Murder and espionage set the stage for amateur sleuths in the debut mystery, Restrike.
Coleman and Dinah are equally enamored of art, and both choose to move from North Carolina to New York to pursue careers in the art world. Coleman becomes the owner and editor of a successful art magazine, and Dinah opens a modest print gallery. When a young print dealer is found murdered, the cousins are convinced that there is a connection to the art scene, particularly since the man was recently involved in the auction of a very valuable print. To add to the intrigue, an enigmatic billionaire has begun throwing money around, and Coleman has discovered that someone in her employ is leaking her stories to a rival magazine. All of these events lead the cousins down some dangerous paths as they attempt to solve the mysteries.
The first installment of a planned series, Restrike is a compelling and suspenseful whodunit with interesting and often colorful characters. Coleman and Dinah are strong-minded heroines with the tenacity to pursue the truth in spite of personal danger. Coleman can occasionally come across as judgmental, particularly in her assessment of a certain employee she finds unattractive and lacking in fashion sense, but readers are likely to overlook her few shallow moments in favor of her stronger and more agreeable character traits. Her devotion to her pet dog, Dolly, who accompanies her everywhere, also adds a nurturing and charming aspect to her character.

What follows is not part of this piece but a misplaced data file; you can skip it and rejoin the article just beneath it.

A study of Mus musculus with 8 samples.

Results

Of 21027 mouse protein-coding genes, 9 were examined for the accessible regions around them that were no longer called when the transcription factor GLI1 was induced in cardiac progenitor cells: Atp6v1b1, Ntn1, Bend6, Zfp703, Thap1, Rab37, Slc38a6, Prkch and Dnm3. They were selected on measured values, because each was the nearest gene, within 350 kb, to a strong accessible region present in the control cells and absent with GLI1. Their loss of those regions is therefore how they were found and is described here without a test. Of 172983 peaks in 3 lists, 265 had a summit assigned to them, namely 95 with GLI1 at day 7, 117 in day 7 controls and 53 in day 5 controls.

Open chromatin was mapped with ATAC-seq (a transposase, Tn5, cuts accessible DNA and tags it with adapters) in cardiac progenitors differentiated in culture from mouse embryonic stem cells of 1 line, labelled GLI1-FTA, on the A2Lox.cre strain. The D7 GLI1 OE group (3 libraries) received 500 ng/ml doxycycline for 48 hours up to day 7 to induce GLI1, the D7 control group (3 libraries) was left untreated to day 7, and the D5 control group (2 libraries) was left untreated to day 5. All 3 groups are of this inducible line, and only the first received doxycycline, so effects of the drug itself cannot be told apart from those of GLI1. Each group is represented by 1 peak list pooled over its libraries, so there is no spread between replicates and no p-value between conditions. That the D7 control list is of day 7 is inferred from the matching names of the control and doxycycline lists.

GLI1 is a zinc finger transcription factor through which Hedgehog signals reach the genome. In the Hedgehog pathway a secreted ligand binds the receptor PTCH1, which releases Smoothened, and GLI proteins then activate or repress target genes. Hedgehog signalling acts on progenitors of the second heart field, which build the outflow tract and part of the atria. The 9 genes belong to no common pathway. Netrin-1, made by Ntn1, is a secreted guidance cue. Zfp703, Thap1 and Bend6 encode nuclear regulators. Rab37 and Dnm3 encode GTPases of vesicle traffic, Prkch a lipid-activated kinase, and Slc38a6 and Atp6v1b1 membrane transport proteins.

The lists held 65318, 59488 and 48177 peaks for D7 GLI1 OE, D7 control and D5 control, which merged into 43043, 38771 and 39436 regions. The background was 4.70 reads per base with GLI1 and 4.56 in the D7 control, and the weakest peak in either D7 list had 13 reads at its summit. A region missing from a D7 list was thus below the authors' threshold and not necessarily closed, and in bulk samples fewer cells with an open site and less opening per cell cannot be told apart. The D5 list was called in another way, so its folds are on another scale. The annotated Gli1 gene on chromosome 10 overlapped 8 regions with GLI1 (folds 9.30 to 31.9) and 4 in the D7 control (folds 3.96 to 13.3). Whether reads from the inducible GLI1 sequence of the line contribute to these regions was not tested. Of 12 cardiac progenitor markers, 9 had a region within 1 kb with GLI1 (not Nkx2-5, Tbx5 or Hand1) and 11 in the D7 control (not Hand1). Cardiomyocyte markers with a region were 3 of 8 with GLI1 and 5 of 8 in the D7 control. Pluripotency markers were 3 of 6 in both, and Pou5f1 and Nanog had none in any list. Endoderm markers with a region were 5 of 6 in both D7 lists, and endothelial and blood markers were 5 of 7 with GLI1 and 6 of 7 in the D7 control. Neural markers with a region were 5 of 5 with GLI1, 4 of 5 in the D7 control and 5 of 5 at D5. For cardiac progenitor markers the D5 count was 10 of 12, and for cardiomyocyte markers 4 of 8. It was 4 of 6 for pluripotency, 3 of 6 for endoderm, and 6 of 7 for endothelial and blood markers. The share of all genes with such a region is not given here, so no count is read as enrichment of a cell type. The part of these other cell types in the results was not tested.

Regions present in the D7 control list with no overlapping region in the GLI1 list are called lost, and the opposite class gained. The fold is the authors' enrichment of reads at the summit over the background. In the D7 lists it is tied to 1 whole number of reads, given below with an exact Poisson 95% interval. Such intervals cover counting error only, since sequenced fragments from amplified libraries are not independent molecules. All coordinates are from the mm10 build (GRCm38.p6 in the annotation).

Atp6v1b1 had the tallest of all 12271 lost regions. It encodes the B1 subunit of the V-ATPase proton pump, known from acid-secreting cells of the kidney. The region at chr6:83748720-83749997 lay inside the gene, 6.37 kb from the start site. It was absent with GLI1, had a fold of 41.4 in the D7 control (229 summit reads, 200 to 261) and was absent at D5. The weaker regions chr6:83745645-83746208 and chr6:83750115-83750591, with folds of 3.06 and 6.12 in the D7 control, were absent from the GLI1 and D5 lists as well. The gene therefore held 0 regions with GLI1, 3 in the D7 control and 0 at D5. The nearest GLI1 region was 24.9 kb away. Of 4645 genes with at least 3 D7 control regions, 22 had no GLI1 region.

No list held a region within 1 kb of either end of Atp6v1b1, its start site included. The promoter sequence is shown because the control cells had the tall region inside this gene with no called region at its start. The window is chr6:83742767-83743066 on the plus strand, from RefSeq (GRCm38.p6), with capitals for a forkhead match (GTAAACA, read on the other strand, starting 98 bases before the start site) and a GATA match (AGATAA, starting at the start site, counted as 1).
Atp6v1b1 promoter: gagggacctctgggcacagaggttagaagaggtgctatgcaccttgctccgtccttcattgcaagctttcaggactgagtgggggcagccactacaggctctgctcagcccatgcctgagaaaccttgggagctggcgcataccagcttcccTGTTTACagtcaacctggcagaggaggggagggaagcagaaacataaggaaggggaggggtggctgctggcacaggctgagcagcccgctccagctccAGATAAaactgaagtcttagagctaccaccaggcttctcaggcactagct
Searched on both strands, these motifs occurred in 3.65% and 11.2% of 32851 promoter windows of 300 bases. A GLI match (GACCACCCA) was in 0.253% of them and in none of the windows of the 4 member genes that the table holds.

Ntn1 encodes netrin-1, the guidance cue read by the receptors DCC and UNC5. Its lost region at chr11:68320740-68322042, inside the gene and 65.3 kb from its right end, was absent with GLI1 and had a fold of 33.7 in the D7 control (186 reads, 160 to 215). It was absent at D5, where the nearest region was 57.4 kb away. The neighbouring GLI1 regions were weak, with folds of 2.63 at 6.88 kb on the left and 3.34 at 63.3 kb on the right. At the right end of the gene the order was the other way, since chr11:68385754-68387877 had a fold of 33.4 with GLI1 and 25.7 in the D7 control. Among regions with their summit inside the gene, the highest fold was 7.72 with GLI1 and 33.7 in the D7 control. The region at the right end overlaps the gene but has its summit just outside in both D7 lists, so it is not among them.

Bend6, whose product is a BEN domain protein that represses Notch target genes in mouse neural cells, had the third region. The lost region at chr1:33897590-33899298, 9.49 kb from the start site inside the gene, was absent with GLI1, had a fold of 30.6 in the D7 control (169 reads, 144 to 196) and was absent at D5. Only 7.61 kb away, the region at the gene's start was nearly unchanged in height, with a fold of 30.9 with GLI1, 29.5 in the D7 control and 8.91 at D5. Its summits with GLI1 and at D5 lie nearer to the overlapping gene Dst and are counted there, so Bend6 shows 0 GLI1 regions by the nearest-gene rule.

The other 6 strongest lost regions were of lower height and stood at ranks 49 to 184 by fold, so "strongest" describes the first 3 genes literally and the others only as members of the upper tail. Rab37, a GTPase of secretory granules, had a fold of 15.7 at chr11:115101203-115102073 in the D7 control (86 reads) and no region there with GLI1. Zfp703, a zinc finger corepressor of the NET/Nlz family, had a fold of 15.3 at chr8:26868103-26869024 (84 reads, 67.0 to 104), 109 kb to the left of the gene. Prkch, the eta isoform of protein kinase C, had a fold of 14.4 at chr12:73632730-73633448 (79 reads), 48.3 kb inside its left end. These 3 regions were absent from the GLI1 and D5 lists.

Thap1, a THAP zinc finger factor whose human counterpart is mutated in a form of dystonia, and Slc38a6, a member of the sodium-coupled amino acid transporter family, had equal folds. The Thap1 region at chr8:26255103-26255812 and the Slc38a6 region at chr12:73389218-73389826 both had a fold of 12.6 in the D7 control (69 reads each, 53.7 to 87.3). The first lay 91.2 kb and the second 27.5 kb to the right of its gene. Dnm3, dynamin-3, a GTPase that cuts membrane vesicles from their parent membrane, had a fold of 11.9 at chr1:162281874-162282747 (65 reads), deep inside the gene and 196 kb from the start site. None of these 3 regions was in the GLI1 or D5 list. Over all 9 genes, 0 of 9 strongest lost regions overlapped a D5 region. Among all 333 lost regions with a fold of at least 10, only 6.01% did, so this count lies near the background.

Author Reba White Williams keeps the pace moving swiftly and smoothly as Coleman and Dinah get closer to the truth. The book is structured well, with alternating perspectives offering just enough information to keep readers glued to the page without giving anything away. The first few chapters are full of character introductions and a bit of name dropping to set the tone of the wealthy art scene. Subplots involving Coleman’s past and present issues with men as well as some marital challenges for newlywed Dinah add depth to the characters and diversity to the cast of players.
Williams has personal expertise in the art world, and she utilizes her knowledge effectively here. Along with a PhD in art history, Williams has written for art magazines for many years, and she also served as president of the New York City Art Commission. While familiarity with the arts is not necessary to enjoy the story, some readers may be a bit overwhelmed by the amount of information and art-related terminology. However, Williams offers enough clear descriptions that readers are sure to enjoy learning about the ins and outs of the New York art scene.
As the cousins begin to uncover more about billionaire Heyward Bain and get closer to finding the source of the magazine leaks—not to mention the identity of the killer—Williams keeps the secrets and mysteries coming and the two women busy as they peel back the layers of intrigue.
Restrike is flawlessly edited and contains enough twists and turns to keep even the most demanding mystery enthusiast interested. The conclusion of the novel wraps things up nicely and leaves a few new revelations incomplete enough to intrigue readers who will already be looking forward to the next Coleman and Dinah mystery.